Brett CassetteBrett Cassette
    cypressCypress
    ^3.1.5

    Using cy.server, cy.route, and cy.wait, we can intercept requests to our real backend, and return known mock responses.

    The pros of using this approach:

    • It's much faster than interacting with the real backend
    • Doesn't need to seed data to the backend
    • Easy control of requests and responses
    • Can mock network delay and failure

    Cons:

    • No guarantee the stubs match the real backend responses
    • Not full end-to-end testing

    Recommended Homework:

    • Mock the route to create a new todo, and reply with a 200
    • Mock the route to edit an existing todo, and reply with a 200

    Transcript

    Instructor: In this example, we're going to talk about mocking the backend. We can discover the reason we need to mock the backend by visiting our real page at localhost:5000. Let's switch over to Chrome.

    Here, we can edit our first to-do. Let's make this Hello, World with a bunch of Zs.

    Now let's return to Cypress, refresh, and we'll see that we have a failing test. That's because we expected this to have the text Hello, World, but it's actually using the real data from our real backend, which we've just changed.

    There are two strategies we can use to address this. One is stubbing all of our network requests. The other is that we can interact with the real backend, but we have to have a database seeding abstraction, as well as a totally isolated testing environment.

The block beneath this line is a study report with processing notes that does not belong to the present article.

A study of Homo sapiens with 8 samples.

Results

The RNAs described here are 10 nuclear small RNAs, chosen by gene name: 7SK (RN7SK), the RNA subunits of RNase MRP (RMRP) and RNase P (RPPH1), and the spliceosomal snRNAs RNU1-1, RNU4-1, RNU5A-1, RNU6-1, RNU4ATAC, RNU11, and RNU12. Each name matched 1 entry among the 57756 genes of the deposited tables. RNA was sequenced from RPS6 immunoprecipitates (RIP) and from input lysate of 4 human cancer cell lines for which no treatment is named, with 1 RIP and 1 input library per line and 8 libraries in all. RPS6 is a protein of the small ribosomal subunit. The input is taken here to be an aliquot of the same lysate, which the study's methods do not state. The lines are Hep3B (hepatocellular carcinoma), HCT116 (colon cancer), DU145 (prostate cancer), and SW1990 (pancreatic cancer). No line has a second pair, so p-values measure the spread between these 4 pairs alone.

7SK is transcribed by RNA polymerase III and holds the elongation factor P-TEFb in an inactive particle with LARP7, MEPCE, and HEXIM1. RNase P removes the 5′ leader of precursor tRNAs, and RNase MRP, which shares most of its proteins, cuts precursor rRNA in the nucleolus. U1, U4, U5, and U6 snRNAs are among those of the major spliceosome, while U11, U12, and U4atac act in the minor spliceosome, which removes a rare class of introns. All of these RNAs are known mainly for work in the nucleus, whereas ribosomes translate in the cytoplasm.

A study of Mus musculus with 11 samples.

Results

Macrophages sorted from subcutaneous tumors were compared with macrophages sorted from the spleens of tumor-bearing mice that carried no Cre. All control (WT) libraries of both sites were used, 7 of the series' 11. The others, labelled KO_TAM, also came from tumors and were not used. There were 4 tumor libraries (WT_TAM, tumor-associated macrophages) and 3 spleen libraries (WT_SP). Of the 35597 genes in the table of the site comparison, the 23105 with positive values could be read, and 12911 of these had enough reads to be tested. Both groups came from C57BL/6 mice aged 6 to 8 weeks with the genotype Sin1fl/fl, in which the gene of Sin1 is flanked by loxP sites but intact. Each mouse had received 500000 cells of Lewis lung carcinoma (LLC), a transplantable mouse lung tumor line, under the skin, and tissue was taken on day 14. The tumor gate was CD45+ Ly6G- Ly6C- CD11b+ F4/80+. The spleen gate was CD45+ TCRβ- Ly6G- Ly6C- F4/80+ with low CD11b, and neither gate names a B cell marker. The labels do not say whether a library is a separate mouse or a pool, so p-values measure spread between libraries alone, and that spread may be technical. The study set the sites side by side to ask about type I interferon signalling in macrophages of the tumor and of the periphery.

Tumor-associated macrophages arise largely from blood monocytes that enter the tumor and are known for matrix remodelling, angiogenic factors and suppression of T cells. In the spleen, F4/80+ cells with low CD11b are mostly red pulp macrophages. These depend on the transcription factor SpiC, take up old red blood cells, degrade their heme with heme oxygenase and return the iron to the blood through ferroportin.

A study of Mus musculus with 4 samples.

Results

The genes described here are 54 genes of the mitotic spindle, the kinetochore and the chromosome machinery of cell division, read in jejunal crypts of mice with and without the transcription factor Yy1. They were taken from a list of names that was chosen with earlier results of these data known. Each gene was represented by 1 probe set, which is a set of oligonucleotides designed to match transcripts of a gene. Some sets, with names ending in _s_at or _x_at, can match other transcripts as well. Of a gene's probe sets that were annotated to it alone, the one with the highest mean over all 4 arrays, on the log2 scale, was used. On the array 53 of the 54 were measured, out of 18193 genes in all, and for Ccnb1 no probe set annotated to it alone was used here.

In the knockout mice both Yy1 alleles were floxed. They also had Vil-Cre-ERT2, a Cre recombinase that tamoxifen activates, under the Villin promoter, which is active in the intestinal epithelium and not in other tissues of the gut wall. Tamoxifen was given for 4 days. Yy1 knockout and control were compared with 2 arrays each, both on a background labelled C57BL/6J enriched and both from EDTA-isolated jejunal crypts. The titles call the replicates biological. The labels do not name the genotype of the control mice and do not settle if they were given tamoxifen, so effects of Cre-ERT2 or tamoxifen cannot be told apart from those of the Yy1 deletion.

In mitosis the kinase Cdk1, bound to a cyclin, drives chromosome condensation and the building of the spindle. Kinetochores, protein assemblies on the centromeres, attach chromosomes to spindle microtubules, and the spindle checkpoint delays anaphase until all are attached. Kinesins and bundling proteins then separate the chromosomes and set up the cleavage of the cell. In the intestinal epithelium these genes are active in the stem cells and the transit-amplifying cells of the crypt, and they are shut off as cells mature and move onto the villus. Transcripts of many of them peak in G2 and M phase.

In this lesson, we're just going to talk about the first one, and in later lessons, we'll show how to seed the database. To start, let's tell Cypress simply that we want to begin stubbing network requests.

    To do that, we can call cy.server. By default, this doesn't stub out any requests. They'll all still continue to pass through to the backend, but we do need to call cy.server before we can start mocking routes or spying on them.

    To actually start mocking our routes, we need to know what we need to mock. Let's go back to Cypress and take a look at our XHR request. We see that we perform a GET to api/todos. That's hitting the real backend. Let's mock that out.

    Let's call cy.route to that endpoint, api/todos. By default, this is a GET request.

    Next, we'll return an array of hashes. We can actually see what's in our real backend by looking in db.json.

    Let's go ahead and just copy this out and paste it in. We did expect this not to have so many Zs or any at all, so let's save it.

    Next, we have to cy.wait for this route to load, which means that we have to give it an alias. We can say asPreload and we'll wait for @preload. We'll save it and return.

    Now we can see that we waited for our preload, which returned our mock data and made all our tests pass again. We can also do a deep dive on this request by clicking on the preload, opening our console, and checking our XML HTTP request, where we can see everything like status code, response, body and headers, and we can inspect this to make sure it's what we just sent. It is.